Boulder, CO, Aug. 21--More and more states are joining the free-lift-tickets-for-schoolkids bandwagon. But the question is: Are these programs actually translating into increased visits from the kids and their baby-boomer parents, and, more importantly, are these pre-teens becoming committed to snow sports?
Yes, probably, but solid numbers are hard to come by. For example, Ski New Hampshire, now in its fourth season of providing lift passes for fourth graders, says the number of participants is increasing, but it's not clear how many paying people are coming along. Last season, 744 students from 81 schools came compared to 580 from 64 schools the year before, according to Alice Pearce, executive director of Ski New Hampshire.
"Our primary purpose is to increase the number of schools and the participation. The secondary reason is to see how many paid people are coming along," says Pearce.
Resorts are trying other ways to tap into the teen-and-under market. At Waterville Valley three years ago, youth tickets were only $10. "We saw an increase in our kids' programs because parents thought it was more affordable to go skiing," says Stacey Lopes, Waterville's public relations supervisor. Now tickets are $19, but there are other things to attract young folks like a new terrain park and a new scaled-down halfpipe.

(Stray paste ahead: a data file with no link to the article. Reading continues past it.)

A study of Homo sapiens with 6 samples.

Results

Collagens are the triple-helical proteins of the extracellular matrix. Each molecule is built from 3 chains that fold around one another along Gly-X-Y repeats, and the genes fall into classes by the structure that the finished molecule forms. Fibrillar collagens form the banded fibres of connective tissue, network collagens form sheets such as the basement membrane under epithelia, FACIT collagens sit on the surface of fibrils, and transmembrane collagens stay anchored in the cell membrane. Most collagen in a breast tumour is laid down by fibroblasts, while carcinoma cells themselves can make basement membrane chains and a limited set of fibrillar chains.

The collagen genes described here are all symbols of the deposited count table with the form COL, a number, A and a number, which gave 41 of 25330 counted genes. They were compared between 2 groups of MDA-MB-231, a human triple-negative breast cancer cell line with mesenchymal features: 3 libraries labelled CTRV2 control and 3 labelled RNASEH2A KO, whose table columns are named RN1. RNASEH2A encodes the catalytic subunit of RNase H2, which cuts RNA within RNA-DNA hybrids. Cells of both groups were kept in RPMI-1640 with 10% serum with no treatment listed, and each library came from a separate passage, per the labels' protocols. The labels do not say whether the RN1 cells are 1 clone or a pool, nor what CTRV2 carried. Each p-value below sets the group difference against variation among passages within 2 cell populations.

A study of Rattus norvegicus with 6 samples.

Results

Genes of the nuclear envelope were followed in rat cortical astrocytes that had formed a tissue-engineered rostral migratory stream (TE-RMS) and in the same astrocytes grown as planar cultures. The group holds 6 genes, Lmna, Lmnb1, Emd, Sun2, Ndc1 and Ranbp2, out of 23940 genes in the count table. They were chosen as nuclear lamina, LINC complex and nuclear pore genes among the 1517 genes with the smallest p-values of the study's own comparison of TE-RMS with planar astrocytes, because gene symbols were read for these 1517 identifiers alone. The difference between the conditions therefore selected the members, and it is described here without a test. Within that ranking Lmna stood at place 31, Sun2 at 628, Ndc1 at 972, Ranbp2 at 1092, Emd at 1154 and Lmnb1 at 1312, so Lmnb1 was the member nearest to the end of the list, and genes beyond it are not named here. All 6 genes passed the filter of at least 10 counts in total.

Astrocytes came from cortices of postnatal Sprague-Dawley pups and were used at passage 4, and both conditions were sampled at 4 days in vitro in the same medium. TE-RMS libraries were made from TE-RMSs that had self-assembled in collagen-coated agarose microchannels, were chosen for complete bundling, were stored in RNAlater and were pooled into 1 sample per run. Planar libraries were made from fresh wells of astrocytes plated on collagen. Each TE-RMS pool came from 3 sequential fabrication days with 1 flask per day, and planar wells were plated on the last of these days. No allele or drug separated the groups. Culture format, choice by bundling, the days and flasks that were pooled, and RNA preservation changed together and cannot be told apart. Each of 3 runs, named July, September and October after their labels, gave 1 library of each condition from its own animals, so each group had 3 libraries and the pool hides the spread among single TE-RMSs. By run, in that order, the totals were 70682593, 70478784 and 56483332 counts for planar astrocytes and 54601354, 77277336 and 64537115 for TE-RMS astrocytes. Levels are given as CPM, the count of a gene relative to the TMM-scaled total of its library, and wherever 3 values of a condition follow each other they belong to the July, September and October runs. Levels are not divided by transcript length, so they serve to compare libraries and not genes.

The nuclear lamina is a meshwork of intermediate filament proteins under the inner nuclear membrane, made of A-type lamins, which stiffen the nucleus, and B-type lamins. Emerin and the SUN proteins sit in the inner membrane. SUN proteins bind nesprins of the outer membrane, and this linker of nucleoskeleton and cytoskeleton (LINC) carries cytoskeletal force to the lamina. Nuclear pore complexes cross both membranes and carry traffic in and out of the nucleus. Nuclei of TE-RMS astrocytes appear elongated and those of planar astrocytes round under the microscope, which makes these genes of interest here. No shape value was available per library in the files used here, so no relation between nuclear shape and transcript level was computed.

Maine resorts say their grassroots efforts are definitely working. According to a recent survey, 55 percent of sixth graders with discounted tickets said they increased their visits by 2.69 days. Also, 53 percent said parent visits were up by 2.4 days. "What we hope is happening is that we are turning students and their parents into skiers and our research shows that it's true," says Carla Marcus, executive director of Ski Maine For Kids.
Utah got almost 15,000 kids to participate in its various school programs last season. "The key is to stimulate the adult to ski as well and to provide some kind of follow-up program," says Kip Pitou, president of Ski Utah.
Despite uncertain results the programs show no sign of slowing down. Vermont's Sugarbush gives free passes to the top 10 percent of participating schools. "We want to get Vermonters out to ski at a younger age," says Scott Peterson, Sugarbush communications manager, who added that they believe at least half the time they're getting "a lift ticket in our pocket because someone is coming along."